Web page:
Did any of the retail companies that recently declared bankruptcy hurt Brookfield more than others?
The act of filing bankruptcy isn’t the real issue. It’s when they close stores. Using J.C. Penney as an example, they’re going to close 200 stores over the next two years or so. We would expect some of those will be in our malls. It’s not a big rent loss when they close one of their stores down, but it impacts the flow of traffic in the remainder of the mall. In some cases, we could build apartments in the store’s place. We have a lot of those options available to us.
So the plan to convert several Brookfield malls into “mini cities” is still ago?
Yes. If anything, the pandemic may drive demand for housing, particularly for new housing that is going to be taking into account everything that we know — from HVAC systems to hallways to how to design proper common areas. There may be some cosmetic changes, but the desire for people to live in these live-work-play environments, I don’t think that changes longer term. I just think we’re going to need to make a few adjustments.
Are you already making some design changes in the malls that are reopening?
When you come to one of our malls now, all of our staff are wearing PPE. We are closely monitoring social distancing. We’re cleaning more often. We’re cleaning more intensively, particularly those high touchpoint areas. And the feedback from customers and our tenants has been really good.
Are you having any issues collecting rent from non-retail tenants, namely from Brookfield’s office or multifamily properties?
No. A lot of the other public office and multifamily companies have reported their rent collections are at normal levels, and that’s consistent with ours as well. Our office collections are exactly the same as last year, and multifamily is actually slightly higher than it was in 2019, so there are no issues there.
Brookfield is obviously an enormous global company. Are there any aspects of the business that have been doing especially well during the pandemic?
Out of the four publicly traded partnerships, our business is clearly the most impacted. Private equity might be a close second to that. Our infrastructure business operates on very long term contracts, the vast majority of which are take or pay. Same with our renewable power generation business, which is just power dams in the woods. So I would say those businesses are almost unaffected.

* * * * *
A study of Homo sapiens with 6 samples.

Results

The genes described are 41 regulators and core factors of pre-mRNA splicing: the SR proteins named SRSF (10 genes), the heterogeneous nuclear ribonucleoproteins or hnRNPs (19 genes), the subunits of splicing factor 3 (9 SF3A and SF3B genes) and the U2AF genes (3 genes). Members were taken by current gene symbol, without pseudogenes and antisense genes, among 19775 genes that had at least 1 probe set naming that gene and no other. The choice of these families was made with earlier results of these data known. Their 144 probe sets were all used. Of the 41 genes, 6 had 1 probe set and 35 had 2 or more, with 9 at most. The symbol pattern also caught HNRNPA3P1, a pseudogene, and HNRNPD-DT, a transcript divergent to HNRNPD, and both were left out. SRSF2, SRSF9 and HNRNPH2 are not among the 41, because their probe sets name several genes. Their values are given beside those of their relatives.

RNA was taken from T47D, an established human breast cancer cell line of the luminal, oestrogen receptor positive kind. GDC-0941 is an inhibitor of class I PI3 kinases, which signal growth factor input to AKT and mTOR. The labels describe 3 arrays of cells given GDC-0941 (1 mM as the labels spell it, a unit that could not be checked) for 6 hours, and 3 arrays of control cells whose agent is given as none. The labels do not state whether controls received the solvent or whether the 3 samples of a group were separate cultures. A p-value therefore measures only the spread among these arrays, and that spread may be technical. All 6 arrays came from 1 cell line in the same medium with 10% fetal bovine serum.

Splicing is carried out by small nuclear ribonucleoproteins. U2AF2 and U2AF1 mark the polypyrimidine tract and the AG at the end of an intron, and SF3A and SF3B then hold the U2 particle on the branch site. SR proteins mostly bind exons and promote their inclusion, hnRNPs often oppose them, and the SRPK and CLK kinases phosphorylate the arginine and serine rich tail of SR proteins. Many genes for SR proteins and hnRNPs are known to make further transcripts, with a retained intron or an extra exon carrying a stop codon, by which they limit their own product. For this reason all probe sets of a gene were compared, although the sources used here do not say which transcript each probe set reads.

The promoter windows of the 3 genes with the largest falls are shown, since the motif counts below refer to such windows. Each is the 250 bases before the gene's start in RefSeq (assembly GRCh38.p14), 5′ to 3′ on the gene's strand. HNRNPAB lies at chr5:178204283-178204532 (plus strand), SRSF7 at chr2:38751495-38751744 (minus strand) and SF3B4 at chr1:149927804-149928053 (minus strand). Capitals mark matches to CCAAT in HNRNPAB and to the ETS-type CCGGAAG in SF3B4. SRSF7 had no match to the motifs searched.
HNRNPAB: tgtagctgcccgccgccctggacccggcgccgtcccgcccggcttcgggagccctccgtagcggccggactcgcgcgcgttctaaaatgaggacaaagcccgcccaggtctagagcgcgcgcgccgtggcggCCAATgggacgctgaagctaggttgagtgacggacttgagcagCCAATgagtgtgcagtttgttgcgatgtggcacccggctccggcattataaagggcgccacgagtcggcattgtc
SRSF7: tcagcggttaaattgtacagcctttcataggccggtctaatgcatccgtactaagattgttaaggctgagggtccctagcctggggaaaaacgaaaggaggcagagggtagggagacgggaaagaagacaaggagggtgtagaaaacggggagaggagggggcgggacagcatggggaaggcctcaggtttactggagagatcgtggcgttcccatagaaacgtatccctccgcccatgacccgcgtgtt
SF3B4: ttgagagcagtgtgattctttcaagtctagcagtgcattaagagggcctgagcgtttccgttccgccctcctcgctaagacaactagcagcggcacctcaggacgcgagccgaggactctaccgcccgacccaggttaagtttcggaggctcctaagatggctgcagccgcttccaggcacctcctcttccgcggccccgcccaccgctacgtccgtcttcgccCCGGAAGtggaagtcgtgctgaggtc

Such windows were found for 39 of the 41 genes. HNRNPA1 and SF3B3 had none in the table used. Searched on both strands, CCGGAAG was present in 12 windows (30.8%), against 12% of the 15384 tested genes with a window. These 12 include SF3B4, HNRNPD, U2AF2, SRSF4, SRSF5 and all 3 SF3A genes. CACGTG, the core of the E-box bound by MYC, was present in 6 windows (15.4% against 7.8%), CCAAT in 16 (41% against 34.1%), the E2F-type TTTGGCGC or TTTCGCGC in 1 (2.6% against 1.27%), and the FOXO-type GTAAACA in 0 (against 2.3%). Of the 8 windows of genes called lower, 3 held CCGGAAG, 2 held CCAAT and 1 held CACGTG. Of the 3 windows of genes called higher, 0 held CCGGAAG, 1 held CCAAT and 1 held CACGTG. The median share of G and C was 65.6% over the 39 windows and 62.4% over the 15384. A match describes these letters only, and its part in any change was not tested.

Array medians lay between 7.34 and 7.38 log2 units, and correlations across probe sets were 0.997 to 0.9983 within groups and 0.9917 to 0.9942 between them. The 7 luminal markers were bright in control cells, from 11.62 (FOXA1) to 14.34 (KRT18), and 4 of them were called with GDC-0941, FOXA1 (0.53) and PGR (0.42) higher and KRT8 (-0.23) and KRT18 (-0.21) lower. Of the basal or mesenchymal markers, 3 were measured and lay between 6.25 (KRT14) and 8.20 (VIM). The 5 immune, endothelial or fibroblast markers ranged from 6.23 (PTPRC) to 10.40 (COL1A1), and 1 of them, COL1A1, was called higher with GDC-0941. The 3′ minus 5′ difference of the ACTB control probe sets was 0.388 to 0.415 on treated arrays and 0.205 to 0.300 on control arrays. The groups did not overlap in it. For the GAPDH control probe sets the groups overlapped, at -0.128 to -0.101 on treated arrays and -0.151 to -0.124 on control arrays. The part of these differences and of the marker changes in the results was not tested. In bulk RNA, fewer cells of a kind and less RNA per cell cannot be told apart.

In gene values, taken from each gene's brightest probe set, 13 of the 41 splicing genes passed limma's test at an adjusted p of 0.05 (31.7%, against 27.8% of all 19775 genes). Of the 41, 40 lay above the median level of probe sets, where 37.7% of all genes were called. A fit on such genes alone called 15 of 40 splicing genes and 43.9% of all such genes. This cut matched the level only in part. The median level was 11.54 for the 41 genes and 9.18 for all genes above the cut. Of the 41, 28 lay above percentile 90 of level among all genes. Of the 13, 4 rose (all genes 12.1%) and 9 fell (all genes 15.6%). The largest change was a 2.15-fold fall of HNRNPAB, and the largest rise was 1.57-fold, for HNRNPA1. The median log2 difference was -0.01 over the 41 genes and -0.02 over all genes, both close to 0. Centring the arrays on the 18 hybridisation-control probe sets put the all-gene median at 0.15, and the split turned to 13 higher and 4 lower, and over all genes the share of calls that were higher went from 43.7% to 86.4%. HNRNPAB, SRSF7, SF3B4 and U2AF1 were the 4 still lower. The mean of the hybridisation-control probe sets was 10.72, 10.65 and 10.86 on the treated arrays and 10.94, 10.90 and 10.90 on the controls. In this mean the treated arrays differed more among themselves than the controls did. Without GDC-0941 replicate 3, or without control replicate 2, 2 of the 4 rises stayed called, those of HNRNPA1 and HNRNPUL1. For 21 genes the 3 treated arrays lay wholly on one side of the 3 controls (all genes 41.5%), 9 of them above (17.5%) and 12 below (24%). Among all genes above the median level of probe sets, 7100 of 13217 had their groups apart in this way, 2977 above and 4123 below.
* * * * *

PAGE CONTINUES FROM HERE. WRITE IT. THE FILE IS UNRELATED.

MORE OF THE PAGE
What would an ideal 2021 look like from Brookfield’s perspective?
The most important thing is that we get the human element of this right. I hope there’s not a second wave [of coronavirus cases] that comes later in the year, that a vaccine can be found, and that it allows people to go back to more normal lives. If that happens, I think the response from the government around monetary policy will mean a situation where we have very low interest rates, which is always good news for the values of real assets. So, if we can manage through this appropriately and get everybody back to a place where people are healthy and confident, then this could all hopefully be quite short lived, and 2021 could be a fantastic year for real estate.
Is the company looking to make any distress bets going forward?
This is in our DNA. If you look at 2008 to 2011, we were very opportunistic the last time we had a major downturn like this. We have a tremendous amount of dry powder, both on our balance sheet but also from client capital, so if opportunities present themselves, it could be a great investment environment for us in the second half of the year.
Switching gears just a little, any comment on Brookfield and Tod Waterman taking over the Lever House from Aby Rosen? Why was the company interested in that property?
We’re always interested in trophy office buildings in New York City. In this particular case, it was an investment that we made in, effectively, a sandwich ground lease, and ultimately the lease holder elected not to renew it. So we will effectively step into the leasehold. It’s a great asset and a great location. We expect we’ll have to invest a bit of capital into it, but it’s one of the most iconic buildings in New York City.
And what’s the outlook for Manhattan West? Are you reevaluating it at all assuming there will be a lower demand for commercial space than when Brookfield first started working on the project?
No, we’re full steam ahead on the final tower. We were able to have it designated as essential construction, so there was a brief setback in the middle of the pandemic for about a week, but otherwise we’re right back on track. The rest of the complex is virtually fully leased, so the task ahead is really related to Two Manhattan West, which is about 25 percent leased already and won’t be completed for three more years, so we have a lot of time to take care of that. We probably will not be where we thought we would be at the end of this year with respect to leasing. There’s never a perfect time for something like this to happen, but if you could have picked a time for it to happen, this is the right time.
So you aren’t worried that there will be less demand for office space after the pandemic with so many people working from home?
I always laugh when somebody asks me, “Are you worried that everybody’s just going to start working from home, and they won’t need an office anymore?” I say to them, “Well, how are you enjoying working from home?” And they say, “Oh, it’s terrible. I can’t wait to get back to the office.” I think that’s the way most people feel. There are lots of conversations around preferring to have more flexibility and being able to work from home. But the idea of working from home fulltime does not seem to have much appeal. I think we’ll see certain changes in the way that companies utilize their offices, but we don’t see this as an existential threat.
How have you liked working from home?
I hate it. I can’t wait to get back.